A Successful Writer

This post interested me, because I would also like to be a writer.  From what Sarah has written, she seems like a writer.

I’ve read that professional authors read a lot, and then having been inspired to do something of their own, they research whatever they want to write about.  I’ve also read that they write all day every day, or at least a couple of thousand words average on most days for a month or two to end up with a novel.

I’ve read that they get a burst of inspiration, then write whatever comes into their heads, and then use various creative writing tools such as the snowball method of character writing, and describing everything (place, things and people in the place, the weather, time of day, feelings, thoughts, actions, how people speak) using any words which spring to mind, and then finding synonyms to replace some of them with so that the writing looks more impressive or fits in with genre conventions.

The snowball method involves writing down one or more of your characters, and then writing some basic stats about them (height, weight, build, hair colour, eye colour, skin colour), then writing about things like their job or educational institution (if applicable), and then it all sort of snowballs from there; how do they feel about themselves?  How do they feel about their job?  Are they fat?  Are they muscular?  Do they have a heart condition?  How do they feel about that?  What type of character are they? What are their personal traits? Based on the above, what do they do every day?  What do they do at weekends?  What do they want to do, can they afford the time or money to do it, are they reluctant to do it?  What obligations do they have?  Who do they work with?  Who are their neighbours?  What do they want out of life?  What happens to them?  What options are available to them within the confines of their reality?  Do they need help?  How do they get it?

In the end, their physical characteristics, personal traits and habits influence their behaviours, actions and reactions.  This should drive the storyline as much as the initial inspiration by the time it’s all laid out.

However, I’m always flummoxed by how easily some authors find it to churn out two or three novels per year; they seem like they’re machines.

Reading their work though, they appear to be following a formula of their own, quite apart from the conventions of the genres they are writing within.  Sometimes they appear to be repeating themselves, writing the same characters with different names, physical descriptions and contexts.  Some of them also put their personal observations in their works, and these are used to add depth to the character or to explain what is going to happen next; they take up a lot of page space sometimes, but people appear to enjoy reading them if they are placed correctly or put across in a profound, wry or amusing way.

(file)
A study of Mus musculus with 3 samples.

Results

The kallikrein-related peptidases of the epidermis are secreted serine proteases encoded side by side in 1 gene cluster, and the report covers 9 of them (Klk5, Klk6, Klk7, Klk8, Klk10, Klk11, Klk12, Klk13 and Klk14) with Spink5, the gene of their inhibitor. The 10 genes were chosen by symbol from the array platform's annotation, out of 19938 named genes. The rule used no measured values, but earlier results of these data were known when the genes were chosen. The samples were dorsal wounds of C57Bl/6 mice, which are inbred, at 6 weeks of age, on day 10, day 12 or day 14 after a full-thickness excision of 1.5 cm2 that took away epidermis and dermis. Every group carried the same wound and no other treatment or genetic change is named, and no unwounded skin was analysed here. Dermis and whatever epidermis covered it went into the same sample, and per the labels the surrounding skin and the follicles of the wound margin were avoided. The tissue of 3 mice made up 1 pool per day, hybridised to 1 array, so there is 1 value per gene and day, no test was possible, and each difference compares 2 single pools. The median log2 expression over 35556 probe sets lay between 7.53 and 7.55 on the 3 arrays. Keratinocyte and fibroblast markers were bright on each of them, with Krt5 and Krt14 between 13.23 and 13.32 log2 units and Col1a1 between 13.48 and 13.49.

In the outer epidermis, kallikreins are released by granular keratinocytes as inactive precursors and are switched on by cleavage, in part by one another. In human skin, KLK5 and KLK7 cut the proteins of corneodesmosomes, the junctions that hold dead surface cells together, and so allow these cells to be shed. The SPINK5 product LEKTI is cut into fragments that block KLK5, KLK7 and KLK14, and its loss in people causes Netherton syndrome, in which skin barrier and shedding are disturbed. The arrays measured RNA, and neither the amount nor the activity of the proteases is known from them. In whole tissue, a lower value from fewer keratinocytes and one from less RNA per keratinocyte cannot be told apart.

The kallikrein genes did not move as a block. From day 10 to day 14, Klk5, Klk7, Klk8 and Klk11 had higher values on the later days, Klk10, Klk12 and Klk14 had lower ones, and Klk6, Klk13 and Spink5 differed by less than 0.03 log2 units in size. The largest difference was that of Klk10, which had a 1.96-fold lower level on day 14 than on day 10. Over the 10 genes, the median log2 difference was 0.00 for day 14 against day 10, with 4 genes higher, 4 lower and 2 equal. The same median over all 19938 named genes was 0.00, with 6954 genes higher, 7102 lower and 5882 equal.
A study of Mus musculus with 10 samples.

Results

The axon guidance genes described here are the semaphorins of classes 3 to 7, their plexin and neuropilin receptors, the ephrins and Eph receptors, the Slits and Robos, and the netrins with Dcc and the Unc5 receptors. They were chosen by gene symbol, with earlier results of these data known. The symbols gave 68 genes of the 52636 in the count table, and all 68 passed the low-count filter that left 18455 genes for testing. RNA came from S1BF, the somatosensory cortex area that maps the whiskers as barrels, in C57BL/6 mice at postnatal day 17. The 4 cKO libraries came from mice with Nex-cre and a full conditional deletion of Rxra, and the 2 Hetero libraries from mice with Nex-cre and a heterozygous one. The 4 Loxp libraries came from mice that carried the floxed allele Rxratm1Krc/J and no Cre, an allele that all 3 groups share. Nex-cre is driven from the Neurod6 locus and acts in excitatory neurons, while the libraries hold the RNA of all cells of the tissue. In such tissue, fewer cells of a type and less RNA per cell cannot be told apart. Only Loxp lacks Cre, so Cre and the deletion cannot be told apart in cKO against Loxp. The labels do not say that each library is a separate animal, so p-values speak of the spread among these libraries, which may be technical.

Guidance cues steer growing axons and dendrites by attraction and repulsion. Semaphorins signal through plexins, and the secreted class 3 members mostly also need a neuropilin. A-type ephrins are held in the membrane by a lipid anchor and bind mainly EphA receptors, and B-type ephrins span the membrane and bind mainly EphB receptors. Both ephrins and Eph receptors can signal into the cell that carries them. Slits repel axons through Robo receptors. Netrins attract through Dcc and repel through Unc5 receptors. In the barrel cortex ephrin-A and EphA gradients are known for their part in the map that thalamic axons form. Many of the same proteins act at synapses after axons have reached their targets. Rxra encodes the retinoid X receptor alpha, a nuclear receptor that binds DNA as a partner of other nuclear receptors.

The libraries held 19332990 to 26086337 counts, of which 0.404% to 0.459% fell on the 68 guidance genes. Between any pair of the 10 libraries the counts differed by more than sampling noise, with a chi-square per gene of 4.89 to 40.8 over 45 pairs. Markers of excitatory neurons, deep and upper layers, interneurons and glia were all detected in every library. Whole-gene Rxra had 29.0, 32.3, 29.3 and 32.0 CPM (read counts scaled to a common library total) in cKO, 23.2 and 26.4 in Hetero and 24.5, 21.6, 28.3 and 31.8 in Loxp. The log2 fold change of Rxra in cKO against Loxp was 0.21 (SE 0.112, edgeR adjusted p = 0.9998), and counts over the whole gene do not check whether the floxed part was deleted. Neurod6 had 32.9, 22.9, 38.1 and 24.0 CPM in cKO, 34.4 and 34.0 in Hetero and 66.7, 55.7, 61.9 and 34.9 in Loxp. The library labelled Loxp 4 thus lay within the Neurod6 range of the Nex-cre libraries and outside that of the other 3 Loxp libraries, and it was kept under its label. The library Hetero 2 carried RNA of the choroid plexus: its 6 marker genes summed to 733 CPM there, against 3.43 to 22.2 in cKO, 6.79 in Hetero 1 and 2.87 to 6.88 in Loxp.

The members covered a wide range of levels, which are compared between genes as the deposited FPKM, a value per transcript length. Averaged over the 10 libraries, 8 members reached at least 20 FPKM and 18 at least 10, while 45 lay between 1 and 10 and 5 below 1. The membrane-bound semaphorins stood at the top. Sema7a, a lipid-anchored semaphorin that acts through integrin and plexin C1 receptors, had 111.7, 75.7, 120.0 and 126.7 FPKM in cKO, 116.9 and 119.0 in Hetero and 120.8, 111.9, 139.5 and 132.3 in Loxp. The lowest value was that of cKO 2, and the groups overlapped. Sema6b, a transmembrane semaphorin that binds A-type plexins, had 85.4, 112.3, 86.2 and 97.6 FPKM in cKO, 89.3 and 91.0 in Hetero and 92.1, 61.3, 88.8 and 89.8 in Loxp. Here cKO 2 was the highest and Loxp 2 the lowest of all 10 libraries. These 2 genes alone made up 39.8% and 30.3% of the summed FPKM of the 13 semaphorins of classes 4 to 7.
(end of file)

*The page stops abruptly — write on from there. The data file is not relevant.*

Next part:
I’ve also read that stories, once boiled down, are only about a problem faced and how it is resolved. Yes, the story can be laid out in terms of the ‘hero’ story (status quo, disruption, external assistance, quest, slay monster, leave quest, resolution, new status quo), in which the scene is set, the characters described and then the events laid out as a consequence.  Yet ultimately, the protagonist is after all only resolving a problem that they face as a result of a disruption to their status quo; this is true whether the disruption is war, disaster, forbidden love, drugs, prison, debt, windfall, alien invasion, disease or old age.

Finally, I have read (and observed), that successful writers will have scenes, situations, characters, feelings and behaviours that are in some way familiar to readers, especially feelings and behaviours.  Readers will be more likely to take an interest, keep reading and to be absorbed if they can identify with the characters and imagine that they are the characters, what they would do in their place, or what they would do if they met those characters; even better if the readers compare people in real life with those characters and remark to themselves or others ‘that person reminds me of that character’.

Seems like a lot of work, but if a writer writes their characters first, then the story might follow and snowball in the same way that the character design did.

Sarah Calwell Creative Writing Blog

When I confess that I’d like to be a writer, some people look at me with raised eyebrows. The word ‘writer’ is often translated into ‘novelist’. Someone once responded, ‘You could be the next J. K. Rowling.’ This could have been an attempt at encouragement but it could also have been sarcasm. I prefer to live in reality and the reality is that anything you read, has to have been written.

After I completed my Advanced Creative Writing I subscribed to Writers Forum magazine. I had hoped that the arrival on my door mat each month would be a reminder that I want to be a writer. Fortunately, I don’t need a reminder. I get up in the night because I’ve had an idea for a blog post and I have no option but to write it down. I sit in the staff room at work, obsessively writing my assignments…


35 year old sciolist living in Tokyo. I like swing dancing, Twitter word games, writing, using Stumbleupon.com, reading, and watching movies. I write stuff on my blog occasionally.